Posted: 10/6/18 at 8:30am. Column by Ed Jordan.
Recently I watched a documentary about the relationship between changes in cooking and our changing lifestyles.
The film showed how natural cooking over wood fires takes a lot of time and is very different in nature from the fast foods and convenience foods we consume these days. Slowly cooked foods have great flavor and nutritional value and are easier to digest.
In our grandparents’ day, perhaps half of the hours of a day or more were spent by someone cooking the meals for the family. A noteworthy statement from that documentary is: “Time is the one thing required for good cooking, and the one thing we don’t give to cooking.”
So time is the one thing required to produce a good meal. I would add to that a second postulate: “Time is the one thing required for enjoying that good meal, and the one thing we rarely give to it.”
There are many places in the world today where people still spend many hours each day preparing a meal for the family to eat. And when there’s a special occasion, the time spent really increases. Planning, shopping for ingredients, prepping, cooking, baking, and preparing to serve may take days.
But what a special meal! When you arrive, everyone gathers around a large table, God’s blessing is asked, and the feast begins.
Beverages are poured, and perhaps a large tureen of piping hot soup is brought out. Then comes the salad, then the main course, with plenty of side dishes, and warm bread. Then there is dessert: perhaps succulent cream-filled slices of cakes, fruity pies, or custards, served with coffee, and all is lovingly prepared.
In America today, many times we eat out because we are already out. We grab fast food for breakfast because it’s faster than fixing something at home, we eat fast food for lunch because we don’t want to take the time to make lunch and take it with us, and then we rush home to cook frozen dinners or frozen pizza or have food delivered for dinner.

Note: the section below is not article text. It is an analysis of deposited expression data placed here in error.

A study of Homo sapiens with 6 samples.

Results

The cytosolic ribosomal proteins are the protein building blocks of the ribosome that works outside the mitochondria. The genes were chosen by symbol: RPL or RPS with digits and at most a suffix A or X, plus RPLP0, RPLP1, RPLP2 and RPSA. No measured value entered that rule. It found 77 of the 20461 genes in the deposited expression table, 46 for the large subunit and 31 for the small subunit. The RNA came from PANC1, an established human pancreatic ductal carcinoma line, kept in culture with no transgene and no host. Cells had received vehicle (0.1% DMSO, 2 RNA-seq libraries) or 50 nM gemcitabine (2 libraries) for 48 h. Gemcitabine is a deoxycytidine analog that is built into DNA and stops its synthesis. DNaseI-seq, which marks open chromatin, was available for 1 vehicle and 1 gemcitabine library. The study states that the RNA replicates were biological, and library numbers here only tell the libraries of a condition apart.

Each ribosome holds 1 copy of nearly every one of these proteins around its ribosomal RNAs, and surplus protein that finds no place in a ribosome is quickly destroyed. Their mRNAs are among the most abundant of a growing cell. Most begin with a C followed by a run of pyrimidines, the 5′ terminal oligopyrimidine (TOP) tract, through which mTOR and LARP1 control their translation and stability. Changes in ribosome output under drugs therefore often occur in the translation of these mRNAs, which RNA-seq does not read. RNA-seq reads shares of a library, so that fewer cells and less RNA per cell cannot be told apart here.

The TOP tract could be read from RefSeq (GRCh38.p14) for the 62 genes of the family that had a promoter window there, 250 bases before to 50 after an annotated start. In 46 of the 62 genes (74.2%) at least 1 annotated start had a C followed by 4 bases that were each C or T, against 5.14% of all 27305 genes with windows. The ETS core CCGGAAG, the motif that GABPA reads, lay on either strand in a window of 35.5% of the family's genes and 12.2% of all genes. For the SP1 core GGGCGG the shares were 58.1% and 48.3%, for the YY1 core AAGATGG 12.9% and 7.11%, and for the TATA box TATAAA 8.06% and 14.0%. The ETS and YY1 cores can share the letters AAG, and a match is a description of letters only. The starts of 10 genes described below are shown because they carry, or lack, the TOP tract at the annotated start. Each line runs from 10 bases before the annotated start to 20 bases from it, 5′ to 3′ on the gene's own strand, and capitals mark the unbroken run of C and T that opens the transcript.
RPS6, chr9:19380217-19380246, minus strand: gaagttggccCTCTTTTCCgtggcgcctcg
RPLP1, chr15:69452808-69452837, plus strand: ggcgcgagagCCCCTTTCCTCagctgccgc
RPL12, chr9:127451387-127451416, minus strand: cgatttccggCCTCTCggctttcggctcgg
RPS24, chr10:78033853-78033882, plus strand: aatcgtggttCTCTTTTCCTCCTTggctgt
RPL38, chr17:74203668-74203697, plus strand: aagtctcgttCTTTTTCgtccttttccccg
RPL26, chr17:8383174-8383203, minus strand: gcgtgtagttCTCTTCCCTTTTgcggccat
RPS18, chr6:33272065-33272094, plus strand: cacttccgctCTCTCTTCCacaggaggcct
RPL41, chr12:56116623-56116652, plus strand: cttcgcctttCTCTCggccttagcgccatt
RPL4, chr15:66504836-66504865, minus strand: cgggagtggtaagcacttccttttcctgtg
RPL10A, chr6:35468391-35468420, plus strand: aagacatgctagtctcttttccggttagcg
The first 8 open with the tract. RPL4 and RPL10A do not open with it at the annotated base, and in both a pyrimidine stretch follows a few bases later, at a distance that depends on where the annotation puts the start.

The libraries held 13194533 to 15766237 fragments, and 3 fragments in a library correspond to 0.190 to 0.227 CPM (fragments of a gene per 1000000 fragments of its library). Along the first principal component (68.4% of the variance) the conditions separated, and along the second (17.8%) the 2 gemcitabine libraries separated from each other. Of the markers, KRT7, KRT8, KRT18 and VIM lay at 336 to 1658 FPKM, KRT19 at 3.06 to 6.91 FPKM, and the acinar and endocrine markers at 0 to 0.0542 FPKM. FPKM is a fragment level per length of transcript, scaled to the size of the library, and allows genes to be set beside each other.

We eat on TV trays or kitchen bars, and everyone has their attention on their personal electronic devices. There is little interaction, little sharing, and little togetherness. It seems that even when we are “together” in our modern lifestyle, we are often not really together.
While we lived in Hungary, we noticed one thing when we were a family’s guests at dinner: the matron of the house never sat down at the table to eat with us. She just kept taking care of things in the kitchen, making sure everyone had everything, and bringing out more!
A typical dinner would last several hours, during which we’d remain at the table snacking and talking with the whole family, and eventually the hostess was finally able to sit down and enjoy the company. It takes a lot of time and effort to create such a wonderful meal, and it takes time to really appreciate it too!
The lady cooking a Hungarian meal reminds me of a good pastor. He or she spends days getting a good sermon ready to be served up, piping hot.
A great sermon is like a slow-cooked meal. The various parts of the sermon must have time to simmer and blend together, bringing both connection and contrast within the various parts. A good sermon has depth and yet is easy to chew and digest, thanks to all the work the pastor puts into slow-cooking it and then presenting it in an elegant manner.
A hostess’ worst nightmare is to have spent days preparing the meal, only to have the visitors not arrive. Pastors too feel like that from time to time. They spend hours fixing the meal, but the guests decide to sleep in that day.
When I look at all the hours of work that the cook gives to preparing a five-star, six- or seven-course dinner, I am so very appreciative. It takes time for a good meal, physical or spiritual, to be prepared, and it takes time to partake in such a way as to really experience a really great meal or sermon.
October is Pastor Appreciation Month! Why not take the time to experience the richness and nutrition of a really good spiritual dinner that your pastor prepares week after week?
While you are at it, take the time to express to him or her your appreciation for the spiritual food they prepare for you. God tells us in 1 Timothy 5:17 (ESV): “Let the elders who rule well be considered worthy of double honor, especially those who labor in preaching and teaching.”